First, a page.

The Rev. Jamie Coots of Middleboro, Ky., died last week of a snakebite. What makes this noteworthy is that he had survived previous bites while worshiping with serpents. What went wrong?
Coots, once the co-star of National Geographic’s “Snake Salvation,” was waving snakes in his Full Gospel Tabernacle in Jesus Name church when a timber rattler bit him on the hand. He was dead a couple of hours later.
Coots and other snake handlers place great emphasis on the King James Bible interpretation of … well, here, read it yourself.
Mark 16: 17-18:
“And these signs shall follow them that believe; In my name shall they cast out devils; they shall speak with new tongues; They shall take up serpents; and if they drink any deadly thing, it shall not hurt them; they shall lay hands on the sick, and they shall recover.”
Note: Actually, Mark might not have written any of that. Most Bible historians agree that verses 9-20 of Mark 16 were added much later than the earliest manuscripts.
Back to the snakes and an important religious question: If Coots was proving his faith in God by annoying snakes and surviving their bites, what does his being dead from a snakebite prove?
According to friends and family and fellow snake handlers, it’s that Coots is a “martyr” who died showing his complete devotion to God.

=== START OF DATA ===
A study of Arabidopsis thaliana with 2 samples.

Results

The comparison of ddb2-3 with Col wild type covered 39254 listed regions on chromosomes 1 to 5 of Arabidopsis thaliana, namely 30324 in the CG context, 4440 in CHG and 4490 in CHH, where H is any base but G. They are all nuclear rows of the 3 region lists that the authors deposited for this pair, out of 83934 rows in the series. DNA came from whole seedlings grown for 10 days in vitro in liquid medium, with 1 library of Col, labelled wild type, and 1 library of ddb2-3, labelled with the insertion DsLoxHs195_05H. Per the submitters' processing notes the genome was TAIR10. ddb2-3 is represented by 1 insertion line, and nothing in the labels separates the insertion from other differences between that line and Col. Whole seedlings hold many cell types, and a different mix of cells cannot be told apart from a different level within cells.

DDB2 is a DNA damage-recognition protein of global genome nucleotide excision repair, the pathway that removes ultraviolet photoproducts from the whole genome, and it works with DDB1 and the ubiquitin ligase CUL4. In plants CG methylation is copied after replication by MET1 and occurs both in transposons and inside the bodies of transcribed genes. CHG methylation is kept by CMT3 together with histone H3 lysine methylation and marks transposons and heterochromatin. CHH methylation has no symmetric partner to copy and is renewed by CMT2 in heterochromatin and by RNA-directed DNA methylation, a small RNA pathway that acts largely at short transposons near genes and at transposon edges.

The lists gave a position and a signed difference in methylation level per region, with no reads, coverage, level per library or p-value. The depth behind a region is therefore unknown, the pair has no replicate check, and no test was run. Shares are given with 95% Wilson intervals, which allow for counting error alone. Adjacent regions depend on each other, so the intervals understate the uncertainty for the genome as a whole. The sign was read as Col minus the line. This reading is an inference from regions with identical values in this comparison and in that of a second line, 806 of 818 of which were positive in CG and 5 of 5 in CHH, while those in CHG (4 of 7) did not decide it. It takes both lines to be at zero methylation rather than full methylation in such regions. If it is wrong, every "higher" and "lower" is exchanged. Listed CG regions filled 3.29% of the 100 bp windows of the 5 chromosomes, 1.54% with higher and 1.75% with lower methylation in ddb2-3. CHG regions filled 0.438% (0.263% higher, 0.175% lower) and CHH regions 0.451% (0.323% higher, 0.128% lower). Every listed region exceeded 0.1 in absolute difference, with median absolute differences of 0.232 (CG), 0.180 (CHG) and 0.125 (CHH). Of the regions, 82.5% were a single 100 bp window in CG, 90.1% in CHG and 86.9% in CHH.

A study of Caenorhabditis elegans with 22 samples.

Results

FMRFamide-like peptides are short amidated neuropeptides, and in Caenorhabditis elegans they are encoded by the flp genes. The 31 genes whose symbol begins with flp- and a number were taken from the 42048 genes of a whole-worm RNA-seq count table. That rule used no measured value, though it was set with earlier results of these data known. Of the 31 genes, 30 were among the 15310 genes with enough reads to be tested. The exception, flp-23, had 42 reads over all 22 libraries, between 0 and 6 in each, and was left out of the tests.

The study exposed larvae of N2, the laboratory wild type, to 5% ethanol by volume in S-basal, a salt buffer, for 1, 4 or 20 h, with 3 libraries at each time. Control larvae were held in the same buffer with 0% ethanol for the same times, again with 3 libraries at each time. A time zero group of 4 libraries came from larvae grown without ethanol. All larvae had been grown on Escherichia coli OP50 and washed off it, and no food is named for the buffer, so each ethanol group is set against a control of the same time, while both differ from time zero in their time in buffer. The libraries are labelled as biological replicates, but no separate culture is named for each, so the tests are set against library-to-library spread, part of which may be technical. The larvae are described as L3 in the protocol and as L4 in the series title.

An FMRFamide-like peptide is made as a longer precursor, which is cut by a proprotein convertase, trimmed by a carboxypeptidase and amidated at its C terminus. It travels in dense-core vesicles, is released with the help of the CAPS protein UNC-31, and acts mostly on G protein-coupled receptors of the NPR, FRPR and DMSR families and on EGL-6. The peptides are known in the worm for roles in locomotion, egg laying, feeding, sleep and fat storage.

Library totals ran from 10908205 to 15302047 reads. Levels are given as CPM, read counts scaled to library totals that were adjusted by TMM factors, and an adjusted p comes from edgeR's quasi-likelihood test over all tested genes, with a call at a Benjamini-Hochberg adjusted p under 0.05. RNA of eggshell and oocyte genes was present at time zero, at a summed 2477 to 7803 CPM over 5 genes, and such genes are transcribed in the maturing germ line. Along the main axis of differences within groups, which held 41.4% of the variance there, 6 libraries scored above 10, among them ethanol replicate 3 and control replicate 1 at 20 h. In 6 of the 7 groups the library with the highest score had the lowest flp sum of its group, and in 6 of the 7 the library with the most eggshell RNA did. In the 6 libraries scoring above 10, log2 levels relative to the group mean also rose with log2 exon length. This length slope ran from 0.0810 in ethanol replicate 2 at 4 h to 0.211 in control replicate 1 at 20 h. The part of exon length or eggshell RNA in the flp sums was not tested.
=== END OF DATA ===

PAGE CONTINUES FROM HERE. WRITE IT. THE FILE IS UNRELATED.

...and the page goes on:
OK, but what about the part of Mark that says: “They shall take up serpents; and if they drink any deadly thing, it shall not hurt them; they shall lay hands on the sick, and they shall recover”?
Recovering was obviously the plan, as Pastor Coots’ son Cody told the media. “That’s what happened every other time, except this time was just so quick and it was crazy, it was really crazy.”
You think? What kind of proof or lesson is there when either answer you get is the right one?
I know that sounds skeptical, but I’ll bet that Coots and friends are also skeptical. Why just poisonous snakes? Why not drape a 12-foot Burmese python around your neck and go dancing?
It’s fair. Mark (or whoever) doesn’t specify poisonous snakes. He said serpents. A rock python capable of swallowing a live goat is a serpent.
I’m guessing the snake faithful don’t use pythons because they’re hedging their devotion. The chances of surviving a snakebite are considerably higher than surviving a head constricted to the size of a raisin.
Poison is also used in some extreme devotion ceremonies. Believers will knock back a shot of arsenic and survive. Hallelujah. I’d be more impressed if they drank half a gallon of antifreeze and survived. After all, Mark says “any deadly thing.”
Here’s what I wonder: At what point does “devout religious conviction” become “devout ludicrous conviction”?
Hint: Most likely when it’s someone else’s devotion.
When friends and family are killed by a tornado or a tsunami, it’s always a sign that God is testing your devotion. But if it’s someone else’s friends and family, it’s God punishing them. How handy is that? Either way you’re right.
I’ll stick to being skeptical. Faith is a great way of coping with the incomprehensible randomness of life. But it probably works better if you’re not the one actually creating the incomprehensible.
Robert Kirby can be reached at firstname.lastname@example.org or facebook.com/stillnotpatbagley.